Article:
Legacy of the Brightwash Book Review
The Legacy of the Brightwash is a slower book, not in the sense that nothing happens but in the sense that it takes time to unfold and build itself. We are shown the world (particularly from a cultural aspect, though the physical and aesthetic is very much present and wonderfully detailed as well) in immersive detail, and we are introduced to a spread of characters with complex personalities, motivations, situations, and stories, and the inter-personal relationships are incredibly complex.
The story centers around Tashue (and the fact I actually remember his name a month after reading the book should really convey how invested I became in him) and he is a social worker in the regulation of the world’s magical individuals. This alone, so different any Mc I’ve read, invested me in the story, and it is gloriously implemented throughout the book, intimately linked to Tashue’s character and evolution and the cultural conflicts and narrative of the book. (There are many action scenes, and power scenes throughout the narrative, but this is a story of cultural and character upheaval rather than war.) The secondary main character (Tashue’s son Jason, and the female lead Stella) are likewise complex and deeply emotive, with rich emotional conflicts and situations.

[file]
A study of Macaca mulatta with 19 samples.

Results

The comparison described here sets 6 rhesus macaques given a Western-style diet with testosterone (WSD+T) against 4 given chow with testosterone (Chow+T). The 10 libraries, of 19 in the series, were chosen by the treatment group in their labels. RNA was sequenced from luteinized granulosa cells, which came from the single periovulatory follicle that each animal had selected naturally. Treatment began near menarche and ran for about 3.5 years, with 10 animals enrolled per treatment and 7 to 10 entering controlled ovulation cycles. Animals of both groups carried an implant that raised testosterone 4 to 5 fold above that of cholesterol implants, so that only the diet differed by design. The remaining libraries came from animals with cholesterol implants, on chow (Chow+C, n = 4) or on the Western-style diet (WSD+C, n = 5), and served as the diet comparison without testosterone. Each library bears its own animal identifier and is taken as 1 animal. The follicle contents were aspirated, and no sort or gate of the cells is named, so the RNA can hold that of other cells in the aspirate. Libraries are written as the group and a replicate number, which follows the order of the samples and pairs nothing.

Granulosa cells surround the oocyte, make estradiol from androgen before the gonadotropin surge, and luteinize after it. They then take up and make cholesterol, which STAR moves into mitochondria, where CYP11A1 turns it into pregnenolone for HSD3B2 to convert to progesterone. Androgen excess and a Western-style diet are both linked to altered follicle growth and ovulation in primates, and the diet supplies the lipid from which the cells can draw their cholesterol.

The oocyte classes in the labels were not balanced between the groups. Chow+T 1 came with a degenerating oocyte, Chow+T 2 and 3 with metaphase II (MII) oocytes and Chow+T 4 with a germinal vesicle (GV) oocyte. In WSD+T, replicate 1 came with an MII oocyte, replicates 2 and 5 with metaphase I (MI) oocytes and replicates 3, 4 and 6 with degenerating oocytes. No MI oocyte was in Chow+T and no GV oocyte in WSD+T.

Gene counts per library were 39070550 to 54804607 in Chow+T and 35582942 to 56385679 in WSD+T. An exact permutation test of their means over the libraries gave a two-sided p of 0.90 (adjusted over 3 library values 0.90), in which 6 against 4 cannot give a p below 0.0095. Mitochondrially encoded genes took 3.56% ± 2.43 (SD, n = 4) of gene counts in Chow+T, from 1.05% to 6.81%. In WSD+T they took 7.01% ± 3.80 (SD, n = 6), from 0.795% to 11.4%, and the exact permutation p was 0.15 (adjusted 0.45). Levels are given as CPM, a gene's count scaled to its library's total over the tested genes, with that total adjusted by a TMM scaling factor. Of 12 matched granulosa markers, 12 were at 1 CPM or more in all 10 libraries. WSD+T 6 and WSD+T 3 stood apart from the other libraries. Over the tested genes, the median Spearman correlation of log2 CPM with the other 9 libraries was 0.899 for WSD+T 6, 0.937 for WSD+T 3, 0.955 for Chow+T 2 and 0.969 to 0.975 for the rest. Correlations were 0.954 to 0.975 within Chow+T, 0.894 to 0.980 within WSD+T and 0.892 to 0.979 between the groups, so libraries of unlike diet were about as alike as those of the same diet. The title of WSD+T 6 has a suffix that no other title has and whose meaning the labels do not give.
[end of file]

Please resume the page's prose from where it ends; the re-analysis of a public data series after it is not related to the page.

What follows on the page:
The narrative itself deals with some very dark, and deeply uncomfortable elements, not the least of which is child mutilation and the social degradation of entire classes of people to less than animals, but it is these elements that give the story such strong emotional heft. Not the least of which because they directly affect our Main Characters, and are a risk to characters you care about.
The book builds to an excellent, rewarding conclusion, and a massive but incomplete step in Tashue’s character arch, but leaves the story ultimately unfinished. And as dark as the book can be, the conclusion doesn’t punish the reader with more depression. My favorite book I’ve read in a while.